Past illuminates quantum R&D today

The “Biography of the Pixel” book is written by the co-founder of Pixar and tells the fascinating story of digital light. I highly recommend it to anyone involved in quantum or classical computing.

The story of 1950's digital innovation (now classical or legacy technology) that it details also illuminates the growth of 2020's quantum technologies.

CRT Store
The first digital image, Tom Kilburn, University of Manchester, 1947

Hardware

What jumps out in the digital light story is the importance of fundamental research into digital hardware at the close of WWII among 3 groups.

These were fast-paced and close races between international teams building on previously classified military research

  1. Academic R&D

Universities included the UK’s Manchester and Cambridge and the US’ Princeton and MIT.

2. Government lab R&D

Government labs included the UK’s National Physics Laboratory (NPL) and the US’ National Bureau of Standards (today’s NIST).

3. Tech transfer / commercialization

The Manchester research became the Ferranti Mark I, the first commercial computer in 1951. The Princeton research became the IBM 701 in 1952.

Importance of software even in the classical era of computer hardware

The Manchester team was split between hardware pioneers Freddie Williams and Tom Kilburn and software pioneers Alan Turing and Max Newman.

Unexpected discoveries

The Manchester Baby research machine unexpectedly led to the first digital image on its Cathode Ray Tube (CRT) in 1947 (above) and the first digital music was created on the Ferranti Mark I in 1952 (Guardian report).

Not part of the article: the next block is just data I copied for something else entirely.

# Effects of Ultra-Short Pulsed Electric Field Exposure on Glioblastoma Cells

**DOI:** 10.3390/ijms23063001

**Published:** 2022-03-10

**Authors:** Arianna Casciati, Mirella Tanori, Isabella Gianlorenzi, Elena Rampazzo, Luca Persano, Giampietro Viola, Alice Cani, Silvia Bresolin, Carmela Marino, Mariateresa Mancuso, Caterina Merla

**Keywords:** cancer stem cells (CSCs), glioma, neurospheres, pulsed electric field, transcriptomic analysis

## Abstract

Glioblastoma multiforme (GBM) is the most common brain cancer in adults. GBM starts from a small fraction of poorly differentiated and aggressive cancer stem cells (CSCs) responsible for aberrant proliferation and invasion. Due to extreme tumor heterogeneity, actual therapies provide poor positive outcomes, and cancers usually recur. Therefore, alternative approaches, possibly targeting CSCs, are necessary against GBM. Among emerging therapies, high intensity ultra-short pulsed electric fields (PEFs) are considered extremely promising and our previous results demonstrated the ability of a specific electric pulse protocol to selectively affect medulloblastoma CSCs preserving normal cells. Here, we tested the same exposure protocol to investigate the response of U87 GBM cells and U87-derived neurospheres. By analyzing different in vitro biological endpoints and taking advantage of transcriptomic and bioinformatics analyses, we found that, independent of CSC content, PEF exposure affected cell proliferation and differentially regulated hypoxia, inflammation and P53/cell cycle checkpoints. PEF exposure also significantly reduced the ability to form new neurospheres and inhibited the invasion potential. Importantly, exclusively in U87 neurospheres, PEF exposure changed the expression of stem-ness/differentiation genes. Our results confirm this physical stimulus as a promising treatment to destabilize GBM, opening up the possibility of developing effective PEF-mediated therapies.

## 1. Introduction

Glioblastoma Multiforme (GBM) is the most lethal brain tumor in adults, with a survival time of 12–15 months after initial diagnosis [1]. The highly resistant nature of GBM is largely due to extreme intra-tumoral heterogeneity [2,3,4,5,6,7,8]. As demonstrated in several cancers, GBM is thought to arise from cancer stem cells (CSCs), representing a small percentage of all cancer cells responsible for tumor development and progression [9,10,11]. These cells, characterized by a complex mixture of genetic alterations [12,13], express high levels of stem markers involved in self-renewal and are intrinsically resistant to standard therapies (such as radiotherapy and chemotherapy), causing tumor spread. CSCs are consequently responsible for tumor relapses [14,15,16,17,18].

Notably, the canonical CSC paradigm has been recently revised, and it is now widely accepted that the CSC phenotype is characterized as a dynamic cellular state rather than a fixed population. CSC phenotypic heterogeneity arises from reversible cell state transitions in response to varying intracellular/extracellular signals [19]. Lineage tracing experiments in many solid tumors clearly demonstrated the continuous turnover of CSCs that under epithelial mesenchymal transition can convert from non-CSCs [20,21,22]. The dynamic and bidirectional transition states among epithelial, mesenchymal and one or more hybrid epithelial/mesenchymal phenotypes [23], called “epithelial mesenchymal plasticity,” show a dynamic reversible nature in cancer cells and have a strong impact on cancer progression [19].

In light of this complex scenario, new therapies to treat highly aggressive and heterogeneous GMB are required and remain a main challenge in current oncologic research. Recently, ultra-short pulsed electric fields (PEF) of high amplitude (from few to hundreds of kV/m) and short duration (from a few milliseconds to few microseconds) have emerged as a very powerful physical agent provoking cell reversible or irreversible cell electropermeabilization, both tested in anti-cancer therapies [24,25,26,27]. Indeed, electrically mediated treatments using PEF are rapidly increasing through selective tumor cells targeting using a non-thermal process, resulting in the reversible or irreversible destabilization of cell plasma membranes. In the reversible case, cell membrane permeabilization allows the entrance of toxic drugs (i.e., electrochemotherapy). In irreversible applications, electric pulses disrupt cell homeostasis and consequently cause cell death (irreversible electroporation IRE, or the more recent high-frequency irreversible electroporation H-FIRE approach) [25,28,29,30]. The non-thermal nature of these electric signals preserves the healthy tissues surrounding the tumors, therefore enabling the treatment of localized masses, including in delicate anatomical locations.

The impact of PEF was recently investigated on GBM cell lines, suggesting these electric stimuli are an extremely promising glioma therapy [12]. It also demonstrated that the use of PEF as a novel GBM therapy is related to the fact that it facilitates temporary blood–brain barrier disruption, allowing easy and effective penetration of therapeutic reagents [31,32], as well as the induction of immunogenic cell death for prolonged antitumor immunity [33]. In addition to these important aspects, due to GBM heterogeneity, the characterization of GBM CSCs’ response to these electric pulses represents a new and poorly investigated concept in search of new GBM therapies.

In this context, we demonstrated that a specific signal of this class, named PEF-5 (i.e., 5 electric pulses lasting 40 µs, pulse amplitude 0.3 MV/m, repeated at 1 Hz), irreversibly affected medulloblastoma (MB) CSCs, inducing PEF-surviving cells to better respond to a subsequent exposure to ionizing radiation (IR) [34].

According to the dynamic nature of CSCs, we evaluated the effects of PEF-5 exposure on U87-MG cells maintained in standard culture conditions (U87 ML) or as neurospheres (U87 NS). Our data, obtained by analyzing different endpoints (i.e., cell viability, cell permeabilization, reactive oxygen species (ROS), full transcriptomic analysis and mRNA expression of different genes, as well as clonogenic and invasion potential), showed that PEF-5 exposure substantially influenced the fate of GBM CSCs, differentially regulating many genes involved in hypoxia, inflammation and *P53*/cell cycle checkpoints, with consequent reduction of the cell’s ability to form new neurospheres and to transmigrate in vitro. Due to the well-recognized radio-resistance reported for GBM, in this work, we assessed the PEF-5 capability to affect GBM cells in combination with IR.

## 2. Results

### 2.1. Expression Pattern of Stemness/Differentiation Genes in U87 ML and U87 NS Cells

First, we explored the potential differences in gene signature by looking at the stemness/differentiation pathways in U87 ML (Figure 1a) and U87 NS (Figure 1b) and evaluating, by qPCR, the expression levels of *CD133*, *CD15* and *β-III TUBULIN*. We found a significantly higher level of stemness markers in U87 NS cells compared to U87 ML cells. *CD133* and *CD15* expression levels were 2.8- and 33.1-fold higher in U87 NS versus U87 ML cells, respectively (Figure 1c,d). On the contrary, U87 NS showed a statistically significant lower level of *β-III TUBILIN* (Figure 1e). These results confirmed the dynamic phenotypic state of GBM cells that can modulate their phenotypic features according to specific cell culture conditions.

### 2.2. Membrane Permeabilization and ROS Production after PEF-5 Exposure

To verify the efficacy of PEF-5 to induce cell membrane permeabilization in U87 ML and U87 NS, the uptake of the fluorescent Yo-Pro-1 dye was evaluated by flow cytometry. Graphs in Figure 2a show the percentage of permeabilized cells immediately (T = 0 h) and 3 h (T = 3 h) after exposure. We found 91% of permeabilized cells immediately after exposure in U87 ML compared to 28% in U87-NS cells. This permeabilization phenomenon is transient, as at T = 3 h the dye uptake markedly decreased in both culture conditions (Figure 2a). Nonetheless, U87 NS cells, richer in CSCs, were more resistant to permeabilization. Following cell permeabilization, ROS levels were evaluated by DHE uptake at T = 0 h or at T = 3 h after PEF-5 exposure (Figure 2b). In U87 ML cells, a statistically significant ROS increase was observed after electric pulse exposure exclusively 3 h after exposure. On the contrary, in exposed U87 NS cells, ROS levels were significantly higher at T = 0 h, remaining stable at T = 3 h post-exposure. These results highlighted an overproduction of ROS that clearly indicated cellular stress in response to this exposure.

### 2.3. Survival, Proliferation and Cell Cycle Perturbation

Quantum parallels

Just as with 1950s digital hardware, the 2020s quantum technologies are a global phenomenon, driven by commercial vendors, academia, and government labs, many of which are the same.

Innovation along the Gartner Hype Cycle for Emerging Technologies is both in quantum hardware and in the software that makes it valuable for end customers in cybersecurity, chemistry, AI, algorithms, NLP, and sensing.

Artistic works — 1983 and 2022

New Order’s Blue Monday was released 30 years after that original Manchester digital music, with the art work celebrating the computer programming it took to create it.

New Order 1983 Blue Monday 12" Single

2022 saw the release of the next generation of computer music generation — Quantum Computer Music: Foundations, Methods and Advanced Concepts.


Seasoned software executive with deep experience in scaling emerging and disruptive technologies.